We play a video that has now gone viral from Baton Rouge, Louisiana, where community activist Gary Chambers Jr. calls out members of the Lee High School school board for their racism during a June 18 meeting to discuss a resolution to rename the school, which is named after Confederate General Robert E. Lee. Chambers urged members to choose a name in honor of people who fought slavery and racism, not someone who defended it, and addressed board member Connie Bernard, who had defended Robert E. Lee and was seen shopping on her computer during the meeting.
AMY GOODMAN: We’re going to talk about the issue of lynching in this country — I’m not talking about a hundred years ago, but now — in a moment, but first I want to go to a video that has gone viral. We’re turning to Baton Rouge, Louisiana, where a video of a well-known community activist calling out members of the school board for their racism has gone viral. The board was meeting to discuss a resolution to change the name of Lee High School, named after Confederate General Robert E. Lee. This is Gary Chambers Jr. addressing the board member Connie Bernard after he noticed she was online shopping during the meeting. Bernard can be seen walking out as Chambers speaks.
GARY CHAMBERS JR.: So, I had intended to get up here and talk about how racist Robert E. Lee was, but I’m going to talk about you, Connie, sitting over there shopping while we’re talking about Robert E. Lee. This is a picture of you shopping, while we’re talking about racism and history in this country. Only white members of this board got up while we were up here talking, too, because you don’t give a damn, and it’s clear.
But I’m going to tell you what the slaves, my ancestors, said about Robert E. Lee, since you don’t know history, sister. Let me tell you that they said, when he got the plantation, after he got off the field where 27,000 people died, at Gettysburg, Connie — Robert E. Lee was a brutal slave master. Not only did, when he whooped the slaves, he say, “Lay it on ’em hard,” after he said, “Lay it on ’em hard,” he said, “Put brine on them,” so to burn them. That’s what Robert E. Lee did.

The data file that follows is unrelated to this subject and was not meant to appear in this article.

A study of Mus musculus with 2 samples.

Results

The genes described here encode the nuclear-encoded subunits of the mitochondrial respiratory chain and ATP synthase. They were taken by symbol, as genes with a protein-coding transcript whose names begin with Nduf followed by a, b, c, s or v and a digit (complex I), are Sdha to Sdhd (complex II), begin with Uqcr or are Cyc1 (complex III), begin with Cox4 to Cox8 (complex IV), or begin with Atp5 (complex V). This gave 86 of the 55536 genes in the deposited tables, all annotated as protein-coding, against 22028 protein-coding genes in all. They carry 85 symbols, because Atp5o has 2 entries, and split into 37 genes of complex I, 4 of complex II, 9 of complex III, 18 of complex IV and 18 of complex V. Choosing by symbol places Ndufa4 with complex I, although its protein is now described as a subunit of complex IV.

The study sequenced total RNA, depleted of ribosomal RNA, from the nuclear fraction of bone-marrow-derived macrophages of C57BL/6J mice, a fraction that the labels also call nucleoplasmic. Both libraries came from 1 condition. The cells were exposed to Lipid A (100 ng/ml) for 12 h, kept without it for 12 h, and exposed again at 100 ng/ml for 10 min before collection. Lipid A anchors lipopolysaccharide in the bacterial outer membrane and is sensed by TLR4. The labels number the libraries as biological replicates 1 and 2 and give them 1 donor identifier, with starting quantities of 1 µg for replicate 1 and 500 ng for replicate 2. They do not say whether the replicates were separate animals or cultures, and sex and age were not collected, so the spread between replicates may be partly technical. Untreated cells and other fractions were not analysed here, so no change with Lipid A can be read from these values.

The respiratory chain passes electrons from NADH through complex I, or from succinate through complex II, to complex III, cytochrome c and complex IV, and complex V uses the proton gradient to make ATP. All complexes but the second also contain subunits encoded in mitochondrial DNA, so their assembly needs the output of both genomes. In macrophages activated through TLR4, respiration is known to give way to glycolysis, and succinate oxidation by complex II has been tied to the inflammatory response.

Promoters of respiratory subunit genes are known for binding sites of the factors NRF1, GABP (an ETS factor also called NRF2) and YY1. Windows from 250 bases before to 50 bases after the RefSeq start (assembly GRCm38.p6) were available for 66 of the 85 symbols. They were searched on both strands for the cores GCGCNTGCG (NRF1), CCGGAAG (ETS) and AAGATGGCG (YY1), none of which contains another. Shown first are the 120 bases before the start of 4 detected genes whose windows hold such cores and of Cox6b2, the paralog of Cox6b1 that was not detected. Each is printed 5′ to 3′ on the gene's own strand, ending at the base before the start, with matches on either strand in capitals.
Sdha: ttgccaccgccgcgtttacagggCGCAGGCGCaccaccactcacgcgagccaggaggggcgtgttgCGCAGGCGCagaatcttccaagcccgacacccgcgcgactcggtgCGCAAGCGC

And you sit your arrogant self in here and sit on there shopping, while the pain and the hurt of the people of this community is on display, because you don’t give a damn, and you should resign! You should have resigned two years ago, when you choked a white man in his house. You should have resigned two weeks ago, when you got on TV and said foolishness. And you should walk out of here and resign and never come back, because you are the example of racism in this community. You are horrible.
Now to the rest of the board. You have an obligation to the people of this community, and 81% of them are Black. And do you need a Klan rally outside, Mr. Gaudet, before you end it? Because holding it up means that you put that building in jeopardy. You do, sir, because all over the country, they’re burning stuff down. And Black folks in this city have stood with protesters. I ain’t seen you elected officials out there with them, making sure that nothing goes south in Baton Rouge. It’s been folks in this community who give a damn, not just when it’s comfortable, but every time. And four years ago, we came down here.
Mr. Drake, they say you’re a good man. Be a good man. Black folks say you’re a good man. White folks say you’re a good man. Your legacy is attached to tonight, brother. Your legacy.
Now, let me say to the Black members of the board, it’s the most solidarity I done seen out of y’all in forever. Let’s keep at that. Let’s stand on this, moving forward, because we don’t need to apologize for Connie, Evelyn. She showed you who she was when she was sitting next to you while you were talking, shopping. You don’t need another example.
Now, when do we, as Baton Rouge, stop being in 1856? If you want to name the building after somebody, how about P.B.S. Pinchback, the first Black governor of the state of Louisiana, when he was governor during Reconstruction? You want another name? Oscar Dunn, who was the lieutenant governor of the state of Louisiana in the 1860s, that gave the right for Dadrius Lanus and Dawn Collins and Evelyn Ware-Jackson and Tramelle Howard to get here. You want to name it after somebody from Reconstruction? Name it after the people who fought for abolition of slavery. If you want to name it after somebody, honor the right people, the people who were on the right side of history.
But it’s your ancestor that the school is named after, so you’re holding onto your heritage. But we built this joint for free, and we’re done begging you to do what’s right.
SUPT. WARREN DRAKE: Thank you, sir.
AMY GOODMAN: That’s Gary Chambers addressing the East Baton Rouge Parish School Board on Thursday. They voted unanimously to form a special committee to come up with alternative names for Lee High School.